The God Bargain: Confusing Superstition for Faith


We are all born pagan. Idol worship and superstition come naturally to us. We quickly develop rituals to help our favorite sports teams have "good luck". Gamblers blow on dice, lottery players have lucky numbers, and Friday the 13th still brings out caution in many (and maybe a rabbit's foot or two). But even those of us enlightened "mono-theists" have our own methods of bargaining with "forces out of our control" to try to get what we want.


For even the most well-intentioned converts, these pagan habits follow us into our beginnings of discipleship. The sad truth is so many people approach Christianity as a method of appeasing God as opposed to actually following the teachings of Jesus Christ. It's a bargain, "God, I will do what you want if you help me *insert favor*". It's also the first thing you must purge to grow in sincere faith.


Many things in life are beyond our control.  It would seem that humanity as a whole has developed a habit of personifying everything we can't directly manage. All pagan cultures throughout time have created gods for fertility, harvest, weather, hunting (ample game), love, and health... all the things we can't directly control (or couldn't until recently). Throughout the years of human history, man has taken everything out of his control, assigned it a god, and tried to gain that god's favor. (Notice there are no ancient gods for "get your ass out of bed", hard work, perseverance, charity, forgiveness, or rehab.)

Now that we live in a Judeo-Christian culture, we just take all those things out of our province and blame one God for them..which leads me to ask the question: Aren't we just being pagan if all we have done is consolidated our gods together but still think and behave the same? How have we changed if our prayers, rituals, and sacrifices are done in the hopes of getting good fortune from an appeased God? 


"Rain falls on the just and unjust alike" - Matthew 5:45

So the question becomes, just how should we approach good luck/fortune or bad? Is good fortune a sign of God's approval and bad fortune a sign of God's punishment? NO! Any kind of assumption regarding fortune and God creates a kind of insanity. 

Are we to question our purity when lightning strikes our home and destroys our Playstation? Are we to assume our sins have gone overlooked when we find a twenty dollar bill in our coat pocket left from last winter? Is our sports team more in favor with God the year they won and offending Him the year they lose (in which we can only conclude that one sports team can appease God at a time)? To look for "omens of fortune" to interpret God's Will drives us to paranoia.

Life is hard for everyone, period, and God does not show favoritism. Expecting life's challenges to go away or diminish just because we are on "God's side" is foolish and arrogant. If one looks at Scripture, we find just the opposite; Jesus warns us to expect life to actually get HARDER when we choose to follow Him. True Christian discipleship is not the way of safety and comfort; it is the Way of the Cross.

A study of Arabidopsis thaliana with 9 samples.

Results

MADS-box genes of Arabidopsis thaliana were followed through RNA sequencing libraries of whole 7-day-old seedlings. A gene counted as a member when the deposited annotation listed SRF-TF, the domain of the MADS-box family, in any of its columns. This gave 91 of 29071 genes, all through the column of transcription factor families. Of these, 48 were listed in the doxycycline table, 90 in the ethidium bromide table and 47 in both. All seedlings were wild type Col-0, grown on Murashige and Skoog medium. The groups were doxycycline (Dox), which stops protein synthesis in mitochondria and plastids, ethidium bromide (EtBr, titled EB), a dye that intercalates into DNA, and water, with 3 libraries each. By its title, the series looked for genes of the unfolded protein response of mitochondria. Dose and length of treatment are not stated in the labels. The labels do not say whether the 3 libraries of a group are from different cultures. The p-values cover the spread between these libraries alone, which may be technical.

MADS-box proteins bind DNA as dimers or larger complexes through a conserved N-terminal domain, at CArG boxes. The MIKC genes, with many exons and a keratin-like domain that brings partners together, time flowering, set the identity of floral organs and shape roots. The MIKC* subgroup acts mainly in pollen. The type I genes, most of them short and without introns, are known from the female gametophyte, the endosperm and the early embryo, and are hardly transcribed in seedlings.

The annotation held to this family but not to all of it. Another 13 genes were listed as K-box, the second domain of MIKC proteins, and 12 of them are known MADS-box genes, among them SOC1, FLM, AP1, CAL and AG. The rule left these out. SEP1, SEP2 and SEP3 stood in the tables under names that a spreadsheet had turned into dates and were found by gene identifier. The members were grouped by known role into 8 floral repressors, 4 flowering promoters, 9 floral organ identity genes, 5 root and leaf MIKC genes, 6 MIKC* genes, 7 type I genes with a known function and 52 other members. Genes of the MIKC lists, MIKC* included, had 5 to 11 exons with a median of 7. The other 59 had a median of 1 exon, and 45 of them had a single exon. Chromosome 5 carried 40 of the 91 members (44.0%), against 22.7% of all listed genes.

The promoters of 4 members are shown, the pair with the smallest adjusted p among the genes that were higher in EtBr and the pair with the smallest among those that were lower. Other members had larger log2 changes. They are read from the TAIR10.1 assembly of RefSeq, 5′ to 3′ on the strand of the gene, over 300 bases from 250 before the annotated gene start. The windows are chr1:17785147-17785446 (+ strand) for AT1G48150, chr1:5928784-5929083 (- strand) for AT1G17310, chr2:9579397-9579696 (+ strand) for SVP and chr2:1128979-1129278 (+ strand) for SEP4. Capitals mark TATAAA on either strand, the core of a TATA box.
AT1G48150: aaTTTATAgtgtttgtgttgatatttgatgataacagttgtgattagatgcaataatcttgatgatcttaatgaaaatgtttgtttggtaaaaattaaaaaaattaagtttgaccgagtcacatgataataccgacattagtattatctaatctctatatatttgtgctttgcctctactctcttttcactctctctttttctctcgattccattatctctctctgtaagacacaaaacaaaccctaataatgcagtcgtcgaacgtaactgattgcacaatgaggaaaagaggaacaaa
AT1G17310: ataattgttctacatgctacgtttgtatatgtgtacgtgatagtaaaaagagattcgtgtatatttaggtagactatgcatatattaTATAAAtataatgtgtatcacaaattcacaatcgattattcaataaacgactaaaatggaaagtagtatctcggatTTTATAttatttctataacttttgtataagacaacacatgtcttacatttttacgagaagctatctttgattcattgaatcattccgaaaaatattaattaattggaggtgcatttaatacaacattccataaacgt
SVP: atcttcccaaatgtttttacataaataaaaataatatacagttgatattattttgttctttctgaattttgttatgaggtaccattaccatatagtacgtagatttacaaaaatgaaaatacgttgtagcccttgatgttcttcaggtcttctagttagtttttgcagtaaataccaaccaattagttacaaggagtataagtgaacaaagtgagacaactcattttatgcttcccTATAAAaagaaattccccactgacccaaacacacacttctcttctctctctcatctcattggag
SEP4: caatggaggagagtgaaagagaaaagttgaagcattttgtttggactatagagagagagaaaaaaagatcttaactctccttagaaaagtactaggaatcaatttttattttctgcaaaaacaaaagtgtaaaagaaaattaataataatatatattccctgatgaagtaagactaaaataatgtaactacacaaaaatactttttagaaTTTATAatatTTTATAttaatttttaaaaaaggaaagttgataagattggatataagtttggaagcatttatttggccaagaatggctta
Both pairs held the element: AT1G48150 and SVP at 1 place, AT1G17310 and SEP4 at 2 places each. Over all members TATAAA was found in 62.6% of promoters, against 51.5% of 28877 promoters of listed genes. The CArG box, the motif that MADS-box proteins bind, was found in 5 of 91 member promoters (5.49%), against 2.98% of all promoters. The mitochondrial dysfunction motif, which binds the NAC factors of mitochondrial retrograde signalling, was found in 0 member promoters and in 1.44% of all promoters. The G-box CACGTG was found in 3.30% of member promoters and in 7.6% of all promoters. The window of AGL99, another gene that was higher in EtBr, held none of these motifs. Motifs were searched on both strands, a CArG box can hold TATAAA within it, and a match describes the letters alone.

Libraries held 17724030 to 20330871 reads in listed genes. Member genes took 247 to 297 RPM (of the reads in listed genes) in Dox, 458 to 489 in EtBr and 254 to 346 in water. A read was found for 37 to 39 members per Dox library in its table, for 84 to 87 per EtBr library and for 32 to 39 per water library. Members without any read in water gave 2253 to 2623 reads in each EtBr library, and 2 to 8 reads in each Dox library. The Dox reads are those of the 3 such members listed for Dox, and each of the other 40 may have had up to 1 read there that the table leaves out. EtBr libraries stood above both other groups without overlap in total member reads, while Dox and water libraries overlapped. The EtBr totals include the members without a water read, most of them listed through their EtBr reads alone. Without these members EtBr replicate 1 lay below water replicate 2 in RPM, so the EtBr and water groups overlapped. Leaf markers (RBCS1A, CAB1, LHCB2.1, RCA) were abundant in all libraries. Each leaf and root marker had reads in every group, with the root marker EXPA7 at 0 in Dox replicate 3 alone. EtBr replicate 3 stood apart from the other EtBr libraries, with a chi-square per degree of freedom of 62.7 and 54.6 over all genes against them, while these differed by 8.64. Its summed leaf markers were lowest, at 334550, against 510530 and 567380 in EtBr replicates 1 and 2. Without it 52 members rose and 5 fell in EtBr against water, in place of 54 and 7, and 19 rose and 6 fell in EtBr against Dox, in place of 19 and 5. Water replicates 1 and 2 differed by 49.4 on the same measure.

So as the blog title says (Look out! Shameless self-promotion coming up), let's bring this back to some practical Christian Mysticism (Told ya!). We don't follow Jesus Christ for some shallow hope in worldly blessings. We carry our Cross because we are convicted of our own need to change. Discipleship isn't about DOING, it is about BECOMING. We strive to become like Christ, but more accurately, we strive to become what Christ intended us to be.

The world around us changes, not because we have favor with God, but because when we seek the face of God we change and begin to affect the world. Life doesn't get easier, we get stronger. Our fortunes don't improve, they just become less relevant. If we truly believe God loves us, and we cannot earn or lose this love, then it is not God who changes His attitude toward us, we change our attitude toward God.


"Even the demons believe" - James 2:19


Bargaining with God cheapens faith and robs us of the true blessings God has for us. There is so much to learn, to discover, and to experience in life. When we use our religion as a bargaining tool, we keep ourselves stuck in a worldly perspective. We may believe in God, but we are keeping our hearts in material and shallow concerns. Besides, we don't get any credit for "believing."


"God's grace is sufficient for me." - 2 Corinthians 12:9

To temper this article a bit, I want to end with God's grace. Grace is something we all have access to, but it is not to be confused with luck, fortune, or even blessings. Just like God's love, we don't earn God's grace, it is given. God gives His grace so we can have room to grow and mature in Christ. If God did not give His grace, we would be crushed under the weight of our own sins and foolishness.  

God gives grace to us generously, and all who trust in God enough to just go out into the world and live experience it. The grace we receive is sufficient for us to learn from our mistakes and have a chance to recover from them. God's grace is sufficient for us to grow each day, not being dragged down by what we were before.  


God is our Father, not a tradesman or mob boss. Does a good father demand actions from a child before offering his love (I said "good" father)? Does a good father wait for his child to grow up and prove himself before he takes the child into his home? So why do we think of God this way? Everything God has for us, He has already given, which means it is up to us to seek it, accept it, and live it.